New Delhi: Despite allies striking discordant notes and virtually vetoing key decisions, Congress on Monday ruled out mid-term polls in the New Year expressing confidence that it would find a middle ground through talks.

"Of course, the question of mid-term poll does not arise," party spokesperson Manish Tewari said in reply to a volley of questions on allies like Trinamool Congress and DMK acting difficult for the government.

Amid continuing differences with Mamata Banerjee's party on Lokpal bill, Tewari also expressed hope of finding a "common ground" through talks.

"We will continue talk to Trinamool Congress so that we are able to find a common approach and common ground. We will definitely be able to find some middle ground by constantly talking to TMC as also our other coalition partners," Tewari said.

To repeated questions as to why Congress failed to resolve the impasse on the issue with its ally, Tewari said, "Within the UPA alliance, there may political parties which may carry different political understanding of different issues. That is why you have a coalition. We will try and talk to each other to resolve issue."

Asked whether the party did not talk to Banerjee on the issue earlier, the Congress spokesperson reminded that the bill was passed in Lok Sabha and TMC had also contributed to its passage there.

Banerjee's party had supported the UPA on the issue in Lok Sabha but changed stand when the bill came to Rajya Sabha on the last day of the Winter Session.

The Congress spokesperson targeted BJP for opposing the Lokpal Bill in Rajya Sabha accusing it of doing "negative politics" throughout last year.

"Heavens would not have fallen if BJP would have supported the bill that was passed in Lok Sabha. After all, the same political formulation that passed the bill in Lok Sabha was present in the Rajya Sabha," Tewari said.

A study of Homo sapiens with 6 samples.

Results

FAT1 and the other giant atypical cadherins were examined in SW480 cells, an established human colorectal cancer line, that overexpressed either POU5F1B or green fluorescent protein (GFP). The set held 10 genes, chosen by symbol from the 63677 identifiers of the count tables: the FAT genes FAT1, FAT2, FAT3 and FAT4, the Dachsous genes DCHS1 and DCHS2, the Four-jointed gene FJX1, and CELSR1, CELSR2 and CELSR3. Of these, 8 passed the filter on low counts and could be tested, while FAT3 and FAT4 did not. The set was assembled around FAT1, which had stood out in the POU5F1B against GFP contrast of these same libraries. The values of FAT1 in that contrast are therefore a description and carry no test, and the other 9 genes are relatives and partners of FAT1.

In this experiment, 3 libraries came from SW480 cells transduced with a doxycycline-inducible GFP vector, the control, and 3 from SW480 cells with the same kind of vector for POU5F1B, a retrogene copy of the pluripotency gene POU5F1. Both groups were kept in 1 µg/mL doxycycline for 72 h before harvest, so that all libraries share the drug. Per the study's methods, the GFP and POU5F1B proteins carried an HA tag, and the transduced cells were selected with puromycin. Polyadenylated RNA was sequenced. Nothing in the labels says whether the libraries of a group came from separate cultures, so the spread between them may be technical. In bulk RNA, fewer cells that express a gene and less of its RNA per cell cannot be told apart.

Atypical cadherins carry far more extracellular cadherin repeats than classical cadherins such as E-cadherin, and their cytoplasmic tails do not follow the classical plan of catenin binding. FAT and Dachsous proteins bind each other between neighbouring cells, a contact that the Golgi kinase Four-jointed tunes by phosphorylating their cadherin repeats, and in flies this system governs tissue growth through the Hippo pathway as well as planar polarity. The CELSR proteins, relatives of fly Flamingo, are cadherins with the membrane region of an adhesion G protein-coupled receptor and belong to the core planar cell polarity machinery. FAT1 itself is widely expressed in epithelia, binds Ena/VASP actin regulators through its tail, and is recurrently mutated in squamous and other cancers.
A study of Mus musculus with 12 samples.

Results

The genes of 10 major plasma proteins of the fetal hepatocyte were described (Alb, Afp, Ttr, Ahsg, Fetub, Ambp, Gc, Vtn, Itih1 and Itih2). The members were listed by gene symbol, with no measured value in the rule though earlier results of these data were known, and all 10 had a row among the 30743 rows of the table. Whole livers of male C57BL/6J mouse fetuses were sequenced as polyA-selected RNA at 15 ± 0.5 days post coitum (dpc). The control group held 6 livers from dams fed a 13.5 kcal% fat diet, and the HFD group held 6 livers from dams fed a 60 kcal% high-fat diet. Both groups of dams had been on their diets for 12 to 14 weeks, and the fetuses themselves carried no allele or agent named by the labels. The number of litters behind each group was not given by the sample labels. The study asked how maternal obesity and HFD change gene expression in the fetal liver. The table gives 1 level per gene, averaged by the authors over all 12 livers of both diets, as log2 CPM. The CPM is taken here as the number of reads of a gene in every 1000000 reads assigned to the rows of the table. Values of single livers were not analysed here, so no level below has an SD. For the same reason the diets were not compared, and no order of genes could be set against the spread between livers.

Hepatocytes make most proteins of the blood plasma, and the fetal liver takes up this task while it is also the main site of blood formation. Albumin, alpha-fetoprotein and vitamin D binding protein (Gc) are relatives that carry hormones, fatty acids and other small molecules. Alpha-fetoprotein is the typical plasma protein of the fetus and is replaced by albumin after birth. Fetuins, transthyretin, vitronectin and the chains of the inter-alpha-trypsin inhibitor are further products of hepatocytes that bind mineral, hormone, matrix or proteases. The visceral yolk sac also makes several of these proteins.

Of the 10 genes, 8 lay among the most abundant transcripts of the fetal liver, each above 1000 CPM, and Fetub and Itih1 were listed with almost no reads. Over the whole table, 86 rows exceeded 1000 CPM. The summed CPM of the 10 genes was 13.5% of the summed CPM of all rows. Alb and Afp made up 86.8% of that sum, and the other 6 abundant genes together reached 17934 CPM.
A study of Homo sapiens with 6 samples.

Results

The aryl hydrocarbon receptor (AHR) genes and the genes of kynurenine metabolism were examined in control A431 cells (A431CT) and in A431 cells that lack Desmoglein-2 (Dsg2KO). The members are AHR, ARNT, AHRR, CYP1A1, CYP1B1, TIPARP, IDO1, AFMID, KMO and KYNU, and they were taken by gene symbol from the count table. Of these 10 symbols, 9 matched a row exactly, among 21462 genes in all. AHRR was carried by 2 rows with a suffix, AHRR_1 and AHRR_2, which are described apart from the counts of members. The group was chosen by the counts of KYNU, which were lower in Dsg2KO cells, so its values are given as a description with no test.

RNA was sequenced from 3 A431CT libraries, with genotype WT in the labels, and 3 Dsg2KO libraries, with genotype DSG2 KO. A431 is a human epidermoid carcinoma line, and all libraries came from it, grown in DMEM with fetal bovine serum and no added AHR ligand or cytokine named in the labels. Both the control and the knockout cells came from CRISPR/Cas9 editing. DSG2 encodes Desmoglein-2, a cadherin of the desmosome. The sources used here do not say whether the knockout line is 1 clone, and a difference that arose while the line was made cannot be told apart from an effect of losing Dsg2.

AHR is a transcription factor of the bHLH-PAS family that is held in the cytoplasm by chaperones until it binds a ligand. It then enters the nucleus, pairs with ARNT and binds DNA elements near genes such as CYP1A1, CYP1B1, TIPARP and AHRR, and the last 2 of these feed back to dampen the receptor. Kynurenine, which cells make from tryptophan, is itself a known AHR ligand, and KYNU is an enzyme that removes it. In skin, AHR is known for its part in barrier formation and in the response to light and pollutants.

Accusing the opposition, especially the BJP, of creating a "spectre of negative politics" starting from the 2G issue to the Lokpal, the Congress spokesperson said all this negativism affected investment and over-all growth climate.

"We hope that the year 2012 starts on a positive note and opposition for the sake of opposition did not remain their signature tune and only swan song," Tewari said.

He reacted sharply when it was pointed out that BJP spokesperson Ravishankar Prasad had questioned why it was the Minister of State for Parliamentary Affairs V Narayanasamy and not Prime Minister Manmohan Singh or Finance Minister Pranab Mukherjee, who replied to the debate in the Rajya Sabha.

"UPA or the government does not choose its speaker on the advice of or to the liking and disliking of the BJP," Tewari said accusing the main Opposition party of "complete lack of consistency" between their stated intentions and their professed actions.

To BJP's query on why the government did not club and accept the amendments in Rajya Sabha if it could do so in Lok Sabha, Tewari posed a counter question "if BJP was fine with the bill passed in Lok Sabha, heavens would not have fallen had they allowed the passage of the bill in Rajya Sabha as well."

He also downplayed question regarding dim possibilities of Anna Hazare campaigning against Congress in the upcoming Assembly elections and said a political party goes to polls on its own strength.